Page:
This summer while at Gen Con we had the pleasure of a meet-n-greet with representatives from Spin Master along with employees and owners of a couple game cafes. Among the discussions about which games worked best in a cafe environment and what we thought about titles like Cards Against Humanity came a couple tales from the inner workings of Spin Master Games.
Spin Master Games is a division of the much bigger company, Spin Master. While the parent company is known for their innovative toys, the games division also makes a number of very good game titles that have won permanent spots in our collection. But we were about to hear of a game that they made 1000’s of that barely got to the shelves, even though it had a major license attached to it.
As they told it, they secured the license to Storage Wars right as its popularity was at its peak. Everyone was talking about storage auctions and a number of reality show copycats had sprung up on various channels. They now had a theme, but needed a game designed around it – and in only a matter of weeks! So the game hit the shelves, but because of the short lead time there wasn’t much time to properly market it. It also didn’t help that the game was rushed to start with. Needless to say, it wasn’t one of Spin Master Games’ huge successes.
Fast-forward a few weeks and what do we find at our local Salvation Army? A copy of this very game! We had to pick it up, even at $1.45 just to see if it was (as bad) as the rep said it was. The former owners didn’t even give it a shot as everything inside was still shrinkwrapped an unassembled!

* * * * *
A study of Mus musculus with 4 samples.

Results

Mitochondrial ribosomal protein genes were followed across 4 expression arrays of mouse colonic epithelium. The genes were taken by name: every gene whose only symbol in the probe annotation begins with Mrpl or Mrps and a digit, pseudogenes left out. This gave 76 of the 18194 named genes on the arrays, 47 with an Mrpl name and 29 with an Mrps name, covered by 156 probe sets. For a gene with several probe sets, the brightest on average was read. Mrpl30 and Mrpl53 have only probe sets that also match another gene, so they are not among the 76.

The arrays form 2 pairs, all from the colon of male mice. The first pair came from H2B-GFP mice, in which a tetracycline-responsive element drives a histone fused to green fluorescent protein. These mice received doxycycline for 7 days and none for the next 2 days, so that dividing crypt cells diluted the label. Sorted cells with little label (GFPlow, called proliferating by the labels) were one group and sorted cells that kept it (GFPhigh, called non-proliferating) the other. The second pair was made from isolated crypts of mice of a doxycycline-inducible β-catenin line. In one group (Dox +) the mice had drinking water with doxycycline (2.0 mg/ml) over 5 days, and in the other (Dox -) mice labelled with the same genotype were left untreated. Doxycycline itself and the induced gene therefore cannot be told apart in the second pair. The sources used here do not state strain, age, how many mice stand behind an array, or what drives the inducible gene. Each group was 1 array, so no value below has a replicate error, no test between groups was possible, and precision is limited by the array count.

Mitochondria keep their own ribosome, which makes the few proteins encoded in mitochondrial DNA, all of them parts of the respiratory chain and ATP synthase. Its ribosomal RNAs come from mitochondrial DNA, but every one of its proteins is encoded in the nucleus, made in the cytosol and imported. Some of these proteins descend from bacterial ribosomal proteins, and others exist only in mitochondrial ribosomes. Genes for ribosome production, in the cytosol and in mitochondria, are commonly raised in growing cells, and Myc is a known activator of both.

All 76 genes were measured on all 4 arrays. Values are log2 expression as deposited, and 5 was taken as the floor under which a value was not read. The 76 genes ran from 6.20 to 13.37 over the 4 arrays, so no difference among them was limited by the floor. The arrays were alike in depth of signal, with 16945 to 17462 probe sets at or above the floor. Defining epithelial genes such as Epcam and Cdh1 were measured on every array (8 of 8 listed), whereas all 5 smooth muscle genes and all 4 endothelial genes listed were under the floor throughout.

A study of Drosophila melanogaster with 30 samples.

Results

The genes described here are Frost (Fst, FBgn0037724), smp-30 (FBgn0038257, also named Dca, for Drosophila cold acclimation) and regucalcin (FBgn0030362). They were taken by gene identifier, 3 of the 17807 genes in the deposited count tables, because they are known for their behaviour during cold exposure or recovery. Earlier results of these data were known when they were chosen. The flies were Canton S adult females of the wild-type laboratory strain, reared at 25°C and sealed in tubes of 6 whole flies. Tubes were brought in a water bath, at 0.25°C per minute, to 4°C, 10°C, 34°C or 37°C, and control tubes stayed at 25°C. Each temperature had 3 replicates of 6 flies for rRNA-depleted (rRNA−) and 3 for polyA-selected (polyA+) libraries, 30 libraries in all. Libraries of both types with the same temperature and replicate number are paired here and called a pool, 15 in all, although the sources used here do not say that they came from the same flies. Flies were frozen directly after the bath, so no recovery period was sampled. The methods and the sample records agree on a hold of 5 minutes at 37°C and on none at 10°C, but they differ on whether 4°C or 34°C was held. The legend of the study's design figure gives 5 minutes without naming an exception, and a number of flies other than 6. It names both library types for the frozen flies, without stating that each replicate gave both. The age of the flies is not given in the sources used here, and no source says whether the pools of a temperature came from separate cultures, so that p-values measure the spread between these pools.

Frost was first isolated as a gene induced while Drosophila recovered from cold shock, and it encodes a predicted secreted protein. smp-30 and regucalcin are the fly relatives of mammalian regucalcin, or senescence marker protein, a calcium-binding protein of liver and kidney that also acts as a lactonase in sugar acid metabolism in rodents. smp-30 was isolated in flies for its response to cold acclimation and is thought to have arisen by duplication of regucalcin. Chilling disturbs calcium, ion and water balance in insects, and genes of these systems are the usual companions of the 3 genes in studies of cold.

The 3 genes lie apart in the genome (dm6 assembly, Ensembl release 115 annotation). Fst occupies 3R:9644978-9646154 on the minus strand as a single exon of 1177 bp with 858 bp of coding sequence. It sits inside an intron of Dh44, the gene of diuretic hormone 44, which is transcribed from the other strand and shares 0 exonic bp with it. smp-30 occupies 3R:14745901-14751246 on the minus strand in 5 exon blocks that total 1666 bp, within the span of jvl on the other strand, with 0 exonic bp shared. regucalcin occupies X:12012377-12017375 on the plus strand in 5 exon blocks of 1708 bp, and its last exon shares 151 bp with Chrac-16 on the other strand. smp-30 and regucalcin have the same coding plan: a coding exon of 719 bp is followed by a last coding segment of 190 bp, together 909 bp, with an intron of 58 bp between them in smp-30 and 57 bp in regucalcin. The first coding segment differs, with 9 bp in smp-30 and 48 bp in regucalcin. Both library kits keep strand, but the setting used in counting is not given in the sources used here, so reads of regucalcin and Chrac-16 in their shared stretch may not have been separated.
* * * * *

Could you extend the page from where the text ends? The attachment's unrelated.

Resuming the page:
I’ll start out with saying that the entire game can be played when you get a round of Stockpile in. If you recall, there is a bidding process in part of the round where you populate various baskets of stocks with ones you are dealt. Then you bid on them until each person wins one set and adds the securities to their overall portfolio.
In Storage Wars: The Game you do exactly the same thing! In front of you are four storage lockers. Each person randomly draws three tokens from the bag and looks at them. Players take turns placing them in a locker of their choice one at a time until all are distributed. Each player will know a little something about the locker by what they placed in it, but will not know anything about the rest of the contents. Now the auction starts.
One player acts as the auctioneer (but they can also bid) and each locker is auctioned off to the highest bidder. After all four lockers have been sold, that’s the end of the first “episode” (you will play a total of three). All purchased tokens are collected and the next episode proceeds in the exact same manner, drawing from the remaining tokens.
At any time if you run out of money, you can sell back tokens for half of their value. There are also tokens that have penalties on them which you will try to avoid. Goods may be dented, missing parts, have water damage or even be fake. All of these subtract from your totals. If you’re unlucky enough to receive the one “Black Mold” token in your locker (see: Old Maid), then everything in your locker is contaminated and worthless.
After three episodes everyone totals up their tokens, subtracting any penalties. You play Storage Wars: The Game as one of the popular characters, who each have their own areas of specialty. Any tokens you win that match your character’s expertise are worth double the printed value. The player with the most money at the end of the game wins!
Calling this a bad game is pretty harsh, and it does provide some fun family time – especially if you’re fans of the show. Your kids will learn how to buy low & sell high (hopefully) and get a good understanding of risk vs. reward. Again, Spin Master Games printed the heck out of this game, and you can still find brand new copies on Amazon for under $7 shipped! Because it supports up to six players, get one or two games in and you’ve already gotten your money’s worth!